After graduating with a master’s degree in human embryology from the University of Aberdeen, UK, I was anticipating several years of wet-lab work, stem-cell cultures and primer optimization while studying placental ageing and stillbirth as part of a PhD at the Hunter Medical Research Institute in Newcastle, Australia.
Instead, I was surprised when, last February, a month into my PhD, my supervisors Roger Smith and Kaushik Maiti invited me to help conduct an experiment at the Australian Synchrotron in Melbourne, alongside two physicists.
Synchrotrons are particle accelerators that use a beam of electrons travelling at high speed to inspect a sample at very high resolution — far removed from the ‘normal’ world of embryology. But our team was using that beam to find metallic elements in placentas from healthy and complicated pregnancies, to understand how those metals might affect placental health.
Light-years away from my research experience and comfort zone, this was the perfect opportunity to learn some basic truths about scientific investigation.
Research, but be prepared to be unprepared
I spent the week before the trip frantically reading papers, doing the facility’s online safety induction and organizing plane tickets. By the time I was standing in the synchrotron office, I was excited, curious and apprehensive. Our jobs on the first day, however, were mainly staying out of the physicists’ way while they incrementally adjusted machinery and answering their questions about preparing samples. After a quick run through of the software, we were left to watch over the beamline and modify the analysis as needed; interspersing these tweaks with occasional late-night calls to the experts.
I learnt even more about the synchrotron protocols, software and data-acquisition techniques while sitting, over-caffeinated, in front of six computer screens in the middle of the night, with machines churning behind a thick steel door just out of my sight. Studying the mechanisms and theory of a different science and, in turn, teaching our work to people who had a non-biological background was thrilling. It was like learning a new language, and it forced us to examine our research question with fresh eyes.
Trust in your experience — even if it’s unorthodox
While learning to operate the synchrotron, basic skills I had gained from previous work spent handling Excel sheets and medical forms, as a data-entry clerk at Aberdeen Maternity Hospital, came in useful. Much scientific work consists of accurately labelling and storing data in a logical way, quickly recalling strings of numbers and acronyms, and handling unfamiliar software. These were all skills I had developed outside university education as much as in it.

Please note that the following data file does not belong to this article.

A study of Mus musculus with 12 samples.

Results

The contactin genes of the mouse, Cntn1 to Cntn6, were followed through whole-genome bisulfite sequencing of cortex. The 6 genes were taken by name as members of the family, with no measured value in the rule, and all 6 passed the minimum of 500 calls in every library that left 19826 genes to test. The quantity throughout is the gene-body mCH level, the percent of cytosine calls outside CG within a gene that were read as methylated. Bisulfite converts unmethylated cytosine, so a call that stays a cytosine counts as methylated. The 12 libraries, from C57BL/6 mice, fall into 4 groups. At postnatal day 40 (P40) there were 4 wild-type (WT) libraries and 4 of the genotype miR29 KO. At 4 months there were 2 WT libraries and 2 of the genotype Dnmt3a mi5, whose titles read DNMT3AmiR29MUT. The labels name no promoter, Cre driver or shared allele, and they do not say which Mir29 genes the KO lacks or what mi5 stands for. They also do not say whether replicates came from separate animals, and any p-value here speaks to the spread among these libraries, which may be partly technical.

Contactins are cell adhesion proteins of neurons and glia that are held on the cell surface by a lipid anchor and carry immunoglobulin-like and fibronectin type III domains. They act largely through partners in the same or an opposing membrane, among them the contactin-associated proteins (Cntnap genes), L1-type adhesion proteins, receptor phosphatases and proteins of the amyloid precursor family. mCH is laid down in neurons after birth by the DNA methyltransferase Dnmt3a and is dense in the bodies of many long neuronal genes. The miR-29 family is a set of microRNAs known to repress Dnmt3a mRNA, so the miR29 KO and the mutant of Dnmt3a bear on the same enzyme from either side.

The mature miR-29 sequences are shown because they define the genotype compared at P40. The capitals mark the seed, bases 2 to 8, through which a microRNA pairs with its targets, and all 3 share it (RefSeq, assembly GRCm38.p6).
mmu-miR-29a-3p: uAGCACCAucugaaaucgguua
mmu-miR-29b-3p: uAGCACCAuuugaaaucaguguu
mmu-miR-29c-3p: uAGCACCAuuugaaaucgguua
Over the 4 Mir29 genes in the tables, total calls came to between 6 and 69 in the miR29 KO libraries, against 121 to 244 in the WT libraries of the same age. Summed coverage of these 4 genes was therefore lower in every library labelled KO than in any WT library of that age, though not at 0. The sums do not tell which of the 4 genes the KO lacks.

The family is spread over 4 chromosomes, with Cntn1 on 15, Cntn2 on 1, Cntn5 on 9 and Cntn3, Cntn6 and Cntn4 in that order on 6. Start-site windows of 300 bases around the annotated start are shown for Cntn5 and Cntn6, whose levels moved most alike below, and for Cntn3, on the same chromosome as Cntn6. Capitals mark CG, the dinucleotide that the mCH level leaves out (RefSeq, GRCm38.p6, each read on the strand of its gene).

By the end of my first day at the synchrotron, I had filled more than half a new notebook with instructions for software and theories for future experiments. I avoided trusting entirely in my memory and fooling myself into thinking I’d remember it all in two months’ time. Those protocols were worth the time invested to record them accurately — as proof of my evolving expertise and for future researchers who might require those notes to familiarize themselves with my project.
Acknowledge what you don’t know
Ultimately, this experience was valuable training on the need for interdisciplinary collaborations when developing research questions. Collaboration requires the ability to step back from a project and trust other scientists to do the work you cannot. It calls for clear communication of your questions and hypotheses, so colleagues from other disciplines can understand what you’re trying to achieve and produce an experiment that will answer your research questions.
Research any facility you visit and understand what it’s for and how it works — and not just within your own field. The synchrotron is a powerful, but underutilized tool in biomedical research. It is our responsibility as researchers to use all the resources available to us, and to form creative links between different disciplines.